Reports: UR349503-UR3: In Situ Thermodynamic Characterization of Supramolecular Assembly Processes that Lead to Discrete Nanosize Structures

Douglas A. Vander Griend, Calvin College

In our quest to study chemical systems with high degrees of organizational, dynamic, and compositional complexity, we have several new major scientific results to report this year. For details of previous results, please see the annual report submitted in September of 2012.

We continue to make progress using spectrophotometric titrations to investigate the self-assembly of the twenty molecular pieces that form into a supramolecular cube (Figure 1). The original chemistry was designed by Dr. Michael D. Ward of Sheffield University. This represents the most complicated self-assembly process characterization that we or anyone else has undertaken as far as we know.

Figure 1. Twelve Lnaph ligands (two bidentate pyrazolyl–pyridine termini separated by a 1,5–naphthalene) and 8 nickel(II) cations form a cubic nanocage in acetonitrile or DMF solution.

Modeling spectrophotometric titration data with our computer program Sivvu evidenced 8 distinct sub-assemblages other than Ni(II) and the complete cube assembly. High resolution mass spec data, taken at Michigan State University, corroborated all but one of these sub-assemblages (Figure 2). Together the results from UV-vis titrations and mass spec show that most sub-assemblages are quite small or nearly a completed cube. This points to the fidelity of the cube which is well-designed to be considerably more thermodynamically stable than any other possible arrangements of the ligand and metal in solution.

Figure 2. The titration of Ni(BF4)2 with Lnaph leads to many potential species: NinLm n = 1-8 and m = 0-12. Shaded ovals correspond to the set of assemblages that can hold together with coordinative bonds in a single unit: up to nickel cations per ligand and up to 3 ligands per nickel. Assemblages that were evidenced by mass spectrometry (MS), modeling of spectrophotometric titration data (Model), or both are outlined in bold. Straight black arrows connect sets of assemblages that share a common Ni:Lnaph ratio and are therefore difficult to differentiate. Red curved arrows indicate the order of appearance of assemblages during the course of a titration of nickel cation with ligand.

A second major project dealing with supramolecular chemistry has come to completion with impressive results. Prof. Flood and I have submitted a manuscript that details the step-by-step assembly in solution of an 8 piece grid molecule, shown in Figure 3.

Figure 3. Four equivalents of bis-bidentate ligand (LMeetP = 3,6-bis(1-(2-(2-(2-methoxyethoxy)ethoxy)ethyl)-1H-1,2,3-triazol-4-yl)pyridazine) coordinate to 4 equivalents of Cu(I) in to form a 2 × 2 grid supramolecular complex.

Equilibrium-restricted factor analysis was applied to a set of 50 UV-Vis spectra generated by titrating a 20 μM solution of LMeetP in dichloromethane with 2.14 equivalents of copper(I). Concentration profiles (Figure 4) and molar absorptivity curves (Figure 5) for the seven absorbers evidenced in this system together account for 99.21% of the raw absorbance data (0.62% of the data is random noise). The extinction coefficient spectra of each species correlate well to the number of ligand absorbers (ε280) and the number of metal-to-ligand charge transfer transitions (ε400). The concentration profiles represent the change in free energy for the step-by-step reactions involved in assembly and disassembly. These values are accurate enough to establish that the coulombic price for bringing the four monocations together in a grid in this system is no higher than 30 kJ/mol.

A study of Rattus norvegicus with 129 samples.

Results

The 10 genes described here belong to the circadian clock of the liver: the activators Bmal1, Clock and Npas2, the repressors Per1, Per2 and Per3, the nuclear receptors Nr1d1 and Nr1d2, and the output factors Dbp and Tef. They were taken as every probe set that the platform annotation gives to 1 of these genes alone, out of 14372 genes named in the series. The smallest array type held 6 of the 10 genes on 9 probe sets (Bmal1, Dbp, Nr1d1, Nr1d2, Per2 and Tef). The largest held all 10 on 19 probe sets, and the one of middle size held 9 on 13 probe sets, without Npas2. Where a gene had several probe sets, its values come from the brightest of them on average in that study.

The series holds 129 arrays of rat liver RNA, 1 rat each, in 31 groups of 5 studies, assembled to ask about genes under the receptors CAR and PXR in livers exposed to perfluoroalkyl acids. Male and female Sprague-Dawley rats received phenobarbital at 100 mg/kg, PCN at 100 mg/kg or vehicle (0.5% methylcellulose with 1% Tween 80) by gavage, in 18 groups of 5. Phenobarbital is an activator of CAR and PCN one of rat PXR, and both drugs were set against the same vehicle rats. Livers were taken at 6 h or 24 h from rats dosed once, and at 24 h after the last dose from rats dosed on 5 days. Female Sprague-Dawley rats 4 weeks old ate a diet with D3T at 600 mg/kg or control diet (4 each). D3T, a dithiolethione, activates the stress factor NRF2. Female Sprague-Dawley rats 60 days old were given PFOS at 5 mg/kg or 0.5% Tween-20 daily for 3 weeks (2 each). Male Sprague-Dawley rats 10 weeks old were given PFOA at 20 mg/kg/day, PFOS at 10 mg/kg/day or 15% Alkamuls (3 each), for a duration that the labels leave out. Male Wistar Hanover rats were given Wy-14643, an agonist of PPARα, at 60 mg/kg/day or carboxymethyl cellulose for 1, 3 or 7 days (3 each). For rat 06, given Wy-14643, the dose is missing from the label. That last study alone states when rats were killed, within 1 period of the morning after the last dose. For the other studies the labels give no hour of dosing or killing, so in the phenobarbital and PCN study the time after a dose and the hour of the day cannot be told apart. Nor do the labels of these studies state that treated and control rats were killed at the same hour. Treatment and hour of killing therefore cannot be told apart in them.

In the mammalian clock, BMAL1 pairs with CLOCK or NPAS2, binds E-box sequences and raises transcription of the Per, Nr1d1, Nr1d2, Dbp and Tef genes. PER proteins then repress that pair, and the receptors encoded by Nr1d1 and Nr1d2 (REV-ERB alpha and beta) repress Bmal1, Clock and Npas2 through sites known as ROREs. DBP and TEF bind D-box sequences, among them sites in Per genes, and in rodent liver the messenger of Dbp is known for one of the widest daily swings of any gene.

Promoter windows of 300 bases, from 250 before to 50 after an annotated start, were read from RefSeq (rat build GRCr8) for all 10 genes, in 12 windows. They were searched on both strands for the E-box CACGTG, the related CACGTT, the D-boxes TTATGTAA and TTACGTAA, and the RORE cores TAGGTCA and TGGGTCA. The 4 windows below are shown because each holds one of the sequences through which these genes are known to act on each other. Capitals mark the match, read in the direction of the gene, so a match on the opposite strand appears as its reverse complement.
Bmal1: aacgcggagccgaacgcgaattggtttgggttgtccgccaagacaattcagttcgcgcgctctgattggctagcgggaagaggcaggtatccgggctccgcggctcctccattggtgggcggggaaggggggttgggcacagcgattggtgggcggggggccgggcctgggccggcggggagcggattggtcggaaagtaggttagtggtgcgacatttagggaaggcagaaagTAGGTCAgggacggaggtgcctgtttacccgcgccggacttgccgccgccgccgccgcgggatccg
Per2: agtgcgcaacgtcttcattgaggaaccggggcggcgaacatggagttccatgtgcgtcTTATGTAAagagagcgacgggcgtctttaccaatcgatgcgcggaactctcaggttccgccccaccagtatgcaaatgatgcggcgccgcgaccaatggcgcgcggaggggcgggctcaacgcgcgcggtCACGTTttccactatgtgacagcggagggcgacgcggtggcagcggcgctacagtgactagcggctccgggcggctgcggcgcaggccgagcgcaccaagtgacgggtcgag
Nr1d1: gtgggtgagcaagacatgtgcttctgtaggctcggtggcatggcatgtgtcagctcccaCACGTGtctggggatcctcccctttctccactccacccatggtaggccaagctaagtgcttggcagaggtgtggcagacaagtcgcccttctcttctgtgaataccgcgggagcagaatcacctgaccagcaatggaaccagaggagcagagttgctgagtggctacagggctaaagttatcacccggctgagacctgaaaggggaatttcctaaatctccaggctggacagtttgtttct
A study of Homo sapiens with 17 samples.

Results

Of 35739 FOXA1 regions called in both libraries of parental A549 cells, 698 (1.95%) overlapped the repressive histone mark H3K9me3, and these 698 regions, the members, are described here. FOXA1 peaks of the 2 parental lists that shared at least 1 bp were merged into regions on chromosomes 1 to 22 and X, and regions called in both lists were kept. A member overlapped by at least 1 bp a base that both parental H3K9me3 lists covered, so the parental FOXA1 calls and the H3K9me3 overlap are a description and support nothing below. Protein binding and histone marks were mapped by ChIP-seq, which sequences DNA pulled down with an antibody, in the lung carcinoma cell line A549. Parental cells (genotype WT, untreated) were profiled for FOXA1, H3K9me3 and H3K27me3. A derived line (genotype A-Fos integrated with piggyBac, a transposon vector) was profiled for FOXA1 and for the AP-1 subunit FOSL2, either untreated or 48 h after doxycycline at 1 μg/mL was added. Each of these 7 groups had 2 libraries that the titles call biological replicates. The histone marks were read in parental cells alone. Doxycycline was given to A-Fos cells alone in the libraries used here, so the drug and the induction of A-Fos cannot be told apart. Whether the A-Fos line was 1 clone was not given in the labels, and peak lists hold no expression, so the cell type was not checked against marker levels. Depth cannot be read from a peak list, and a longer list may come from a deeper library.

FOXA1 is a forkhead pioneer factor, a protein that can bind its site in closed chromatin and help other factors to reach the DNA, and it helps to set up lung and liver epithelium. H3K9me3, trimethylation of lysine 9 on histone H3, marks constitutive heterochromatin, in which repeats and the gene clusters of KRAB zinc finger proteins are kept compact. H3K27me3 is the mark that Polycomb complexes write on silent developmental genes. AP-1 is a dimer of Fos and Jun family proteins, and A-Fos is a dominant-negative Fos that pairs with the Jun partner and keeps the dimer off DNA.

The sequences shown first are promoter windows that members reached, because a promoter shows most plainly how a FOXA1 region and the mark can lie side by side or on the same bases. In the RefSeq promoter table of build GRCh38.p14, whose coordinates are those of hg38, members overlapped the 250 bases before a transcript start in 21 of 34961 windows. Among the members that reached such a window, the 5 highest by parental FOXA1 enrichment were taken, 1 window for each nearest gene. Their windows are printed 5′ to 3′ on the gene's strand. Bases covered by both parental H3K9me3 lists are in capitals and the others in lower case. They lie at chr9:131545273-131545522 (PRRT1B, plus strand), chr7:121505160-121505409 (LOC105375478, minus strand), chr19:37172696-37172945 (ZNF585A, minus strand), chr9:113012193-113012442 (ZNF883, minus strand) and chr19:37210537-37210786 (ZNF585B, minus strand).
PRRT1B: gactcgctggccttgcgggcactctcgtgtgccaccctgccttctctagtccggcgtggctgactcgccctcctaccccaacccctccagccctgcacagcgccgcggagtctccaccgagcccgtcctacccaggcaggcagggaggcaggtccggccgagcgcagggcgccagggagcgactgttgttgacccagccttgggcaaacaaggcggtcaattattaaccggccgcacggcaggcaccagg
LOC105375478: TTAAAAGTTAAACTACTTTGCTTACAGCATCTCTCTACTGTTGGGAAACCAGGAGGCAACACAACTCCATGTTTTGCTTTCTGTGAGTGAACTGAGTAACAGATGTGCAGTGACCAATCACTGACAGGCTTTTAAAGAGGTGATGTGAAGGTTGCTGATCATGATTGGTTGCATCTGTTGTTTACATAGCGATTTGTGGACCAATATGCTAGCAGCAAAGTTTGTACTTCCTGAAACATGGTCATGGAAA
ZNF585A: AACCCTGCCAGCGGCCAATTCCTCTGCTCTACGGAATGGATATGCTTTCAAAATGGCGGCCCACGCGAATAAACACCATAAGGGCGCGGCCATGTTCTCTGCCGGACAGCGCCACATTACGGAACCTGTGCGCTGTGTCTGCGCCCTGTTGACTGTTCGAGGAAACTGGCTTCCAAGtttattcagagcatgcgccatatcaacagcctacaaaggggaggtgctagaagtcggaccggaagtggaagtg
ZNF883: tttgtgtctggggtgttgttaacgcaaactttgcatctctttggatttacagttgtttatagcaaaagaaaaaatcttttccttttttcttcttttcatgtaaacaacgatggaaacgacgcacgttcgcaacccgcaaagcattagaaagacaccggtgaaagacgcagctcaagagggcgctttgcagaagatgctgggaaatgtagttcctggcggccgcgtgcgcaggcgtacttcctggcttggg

Figure 4. Concentration profiles for the 50 solutions with LMeetP and copper(I). Bars represent the root-mean-square residual for each solution in the ERFA model.

Figure 5. Molar absorptivity values for the seven absorbing species present in the series of solutions. L is LMeetP.

A complete set of complementary 1H NMR scans are consistent with the rich set of complexes and equilibria involved in the assembly and disassembly pathways. Altogether this study represents one of the most consistent characterizations, spectroscopically and thermodynamically, that has even been achieved for a system as complex as this.

Also this year, we concluded our investigation of the solution dynamics of the dye methylene blue with a publication in Analytical Chemistry, and I also finally published got some older data taken by a former undergraduate student researcher on the stepwise coordination of nickel(II) with pyridine and methylpyridines. In addition, we began studying several new systems this summer. 1) protein folding,   2) Iron(III)/thiocyanate system, and 3) copper(I)/phenanthroline.

With 1 returning student, 2 new ones and a high school student, the lab was very busy this past summer. All five of us visited Indiana University, Bloomington in order to meet with the graduate group of Dr. Amar Flood, who is one of my collaborators. The shared presentations and interaction with graduate students proved quite formative for the Calvin undergrads as they all began to positively envision themselves in chemistry graduate school. All four students continue to conduct research now that the school year has begun and are quite eager to bring their respective projects to a conclusion.

I am pleased to report, that even as my ACS-PRF grant is now completed, the research will continue as I have won a grant from NSF for three more years of funding.

Thank you for supporting this research and making the impact possible.